By Robert J. Kerwin
On May 25, 2019 we will be celebrating the one-year anniversary of the European Union’s largest change in data protection known as the General Data Protection Regulation (GDPR). GDPR has reportedly caused major disruption in the ways companies manage customer data both in and out of the EU.
If your company is processing credit card information or other personal data from EU Citizens, you ought to be examining compliance and whether you must maintain a personal representative resident in the EU to receive, among other things, service of process or inquiries as to compliance. Only if the processing of data is really "occasional" and is unlikely to risk the rights of EU citizens, may you consider claiming an exemption from this requirement.
Numed, a well established company in business since 1975 provides a wide range of service options including time & material service, PM only contracts, full service contracts, labor only contracts & system relocation. Call 800 96 Numed for more info.
For those companies not resident in the EU, many are surprised that the GDPR regulation applies to their business where it is shown that the business processes personal data of EU data subjects. Translation: if a company is collecting, holding, monitoring or processing personal data of any person physically with the EEA (EU, Iceland, Norway, Liechenstein) the GDPR most likely applies.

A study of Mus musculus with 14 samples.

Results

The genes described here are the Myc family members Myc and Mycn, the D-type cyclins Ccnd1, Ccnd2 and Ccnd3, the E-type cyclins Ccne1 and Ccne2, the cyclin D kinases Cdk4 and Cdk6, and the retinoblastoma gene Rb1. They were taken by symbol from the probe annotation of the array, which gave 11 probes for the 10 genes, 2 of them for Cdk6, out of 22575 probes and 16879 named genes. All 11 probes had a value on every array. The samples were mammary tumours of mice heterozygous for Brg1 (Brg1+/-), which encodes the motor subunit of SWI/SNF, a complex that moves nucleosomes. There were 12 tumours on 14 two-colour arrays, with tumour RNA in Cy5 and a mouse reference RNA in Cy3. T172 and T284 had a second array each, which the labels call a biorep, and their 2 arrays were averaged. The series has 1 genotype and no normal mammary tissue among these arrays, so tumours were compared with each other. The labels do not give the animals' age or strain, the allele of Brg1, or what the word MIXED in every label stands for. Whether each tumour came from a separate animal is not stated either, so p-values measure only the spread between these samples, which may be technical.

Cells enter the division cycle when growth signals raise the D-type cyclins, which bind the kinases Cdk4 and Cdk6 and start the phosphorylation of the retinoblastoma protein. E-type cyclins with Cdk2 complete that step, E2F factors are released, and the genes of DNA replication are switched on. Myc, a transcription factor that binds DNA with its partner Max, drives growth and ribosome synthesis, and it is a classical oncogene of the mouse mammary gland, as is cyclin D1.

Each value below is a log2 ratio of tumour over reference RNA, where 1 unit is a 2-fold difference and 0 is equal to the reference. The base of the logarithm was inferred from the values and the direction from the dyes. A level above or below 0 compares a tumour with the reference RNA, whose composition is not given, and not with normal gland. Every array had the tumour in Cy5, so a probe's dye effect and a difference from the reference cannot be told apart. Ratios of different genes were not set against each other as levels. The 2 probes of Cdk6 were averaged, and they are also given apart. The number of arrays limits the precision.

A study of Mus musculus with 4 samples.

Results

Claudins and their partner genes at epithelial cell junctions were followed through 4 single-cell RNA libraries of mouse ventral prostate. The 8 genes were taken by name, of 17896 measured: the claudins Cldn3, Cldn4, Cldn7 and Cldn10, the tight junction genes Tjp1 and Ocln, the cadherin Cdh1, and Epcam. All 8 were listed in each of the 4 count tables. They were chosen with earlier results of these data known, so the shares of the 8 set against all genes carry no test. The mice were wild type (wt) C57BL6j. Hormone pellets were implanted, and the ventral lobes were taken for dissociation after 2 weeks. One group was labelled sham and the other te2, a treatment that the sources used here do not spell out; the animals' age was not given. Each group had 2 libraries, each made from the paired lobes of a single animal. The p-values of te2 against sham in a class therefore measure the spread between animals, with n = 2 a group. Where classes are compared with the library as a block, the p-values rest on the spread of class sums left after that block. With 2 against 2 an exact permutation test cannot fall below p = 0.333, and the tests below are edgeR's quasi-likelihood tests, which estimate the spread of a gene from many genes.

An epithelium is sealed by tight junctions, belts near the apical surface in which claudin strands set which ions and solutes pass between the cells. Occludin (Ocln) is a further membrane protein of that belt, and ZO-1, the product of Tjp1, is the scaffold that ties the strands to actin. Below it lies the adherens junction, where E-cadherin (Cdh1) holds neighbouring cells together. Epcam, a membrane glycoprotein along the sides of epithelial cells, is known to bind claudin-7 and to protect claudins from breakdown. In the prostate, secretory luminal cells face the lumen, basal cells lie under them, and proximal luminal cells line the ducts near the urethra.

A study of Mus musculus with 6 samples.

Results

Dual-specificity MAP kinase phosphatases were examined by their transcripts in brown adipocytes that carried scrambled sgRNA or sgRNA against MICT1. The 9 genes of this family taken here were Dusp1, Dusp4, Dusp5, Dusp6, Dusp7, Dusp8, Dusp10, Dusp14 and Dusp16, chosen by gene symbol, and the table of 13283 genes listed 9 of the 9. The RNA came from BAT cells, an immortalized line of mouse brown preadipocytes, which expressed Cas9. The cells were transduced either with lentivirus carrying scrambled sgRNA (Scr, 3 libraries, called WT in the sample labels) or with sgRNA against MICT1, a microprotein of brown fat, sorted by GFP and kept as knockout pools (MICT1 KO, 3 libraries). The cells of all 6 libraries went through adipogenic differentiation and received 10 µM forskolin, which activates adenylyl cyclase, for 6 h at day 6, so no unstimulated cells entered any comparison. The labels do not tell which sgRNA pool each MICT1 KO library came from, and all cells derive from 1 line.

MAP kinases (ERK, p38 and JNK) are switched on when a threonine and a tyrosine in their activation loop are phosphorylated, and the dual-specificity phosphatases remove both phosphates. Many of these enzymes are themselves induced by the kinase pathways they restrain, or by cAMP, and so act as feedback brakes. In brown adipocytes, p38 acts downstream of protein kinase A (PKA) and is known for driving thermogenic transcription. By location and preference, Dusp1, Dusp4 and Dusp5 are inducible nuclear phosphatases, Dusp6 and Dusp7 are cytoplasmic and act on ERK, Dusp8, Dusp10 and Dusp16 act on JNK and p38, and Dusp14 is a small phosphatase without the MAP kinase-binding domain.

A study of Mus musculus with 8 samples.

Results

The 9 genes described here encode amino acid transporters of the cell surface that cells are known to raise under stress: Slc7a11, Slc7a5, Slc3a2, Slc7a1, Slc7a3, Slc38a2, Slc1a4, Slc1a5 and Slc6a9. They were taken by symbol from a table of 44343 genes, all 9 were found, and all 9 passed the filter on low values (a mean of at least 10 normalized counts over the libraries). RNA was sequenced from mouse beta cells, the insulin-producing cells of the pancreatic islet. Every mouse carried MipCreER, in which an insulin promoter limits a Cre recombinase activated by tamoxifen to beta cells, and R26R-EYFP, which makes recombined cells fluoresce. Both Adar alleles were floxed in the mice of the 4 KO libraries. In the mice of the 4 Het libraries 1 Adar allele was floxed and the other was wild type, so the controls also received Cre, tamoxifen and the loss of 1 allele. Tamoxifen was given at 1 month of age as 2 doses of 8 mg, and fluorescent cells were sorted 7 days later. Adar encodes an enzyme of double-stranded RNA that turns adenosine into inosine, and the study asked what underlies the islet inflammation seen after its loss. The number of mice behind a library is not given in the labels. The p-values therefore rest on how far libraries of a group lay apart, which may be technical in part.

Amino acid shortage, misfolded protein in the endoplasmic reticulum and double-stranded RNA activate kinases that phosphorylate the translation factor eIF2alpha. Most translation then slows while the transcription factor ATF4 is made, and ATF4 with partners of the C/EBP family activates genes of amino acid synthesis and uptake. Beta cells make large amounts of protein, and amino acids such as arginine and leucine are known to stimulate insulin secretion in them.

Companies need to determine whether they are "controllers" or "processors" of personal data acting on behalf of the controller. GDPR treats the data controller as the principal party responsible for collecting consents from the data subjects, managing the revoking of consents, enabling rights of access and assuring adequate data security. The European Data Protection Board expects processors to take reasonable steps to secure data using tools such as encryption, pseudonymization, stability and uptime, backup and disaster recovery and regular security testing. If a data breach occurs, processors must notify data controllers without undue delay upon learning of data breaches. Companies may allow transfer of personal data to a third country only if legal safeguards are obtained.
Getting one’s arms around GDPR compliance is no easy task. With apologies to David Letterman (who, technically, has not been hosting the Late Show for four years), provided below are the top eight things to consider for GDPR compliance:
NO. 8. If you are not in GDPR compliance, penalties up to 20 million Euros (or more for companies over 500 million in total revenue may technically apply under applicable EU law).
Since most U.S. states separately require written information security protocols to be in place, the FDA and other applicable federal agencies expect data protection to be a central portion of your compliance program, the GDPR penalty may be a catalyst for non-EU companies but there are already other far-reaching data security requirements.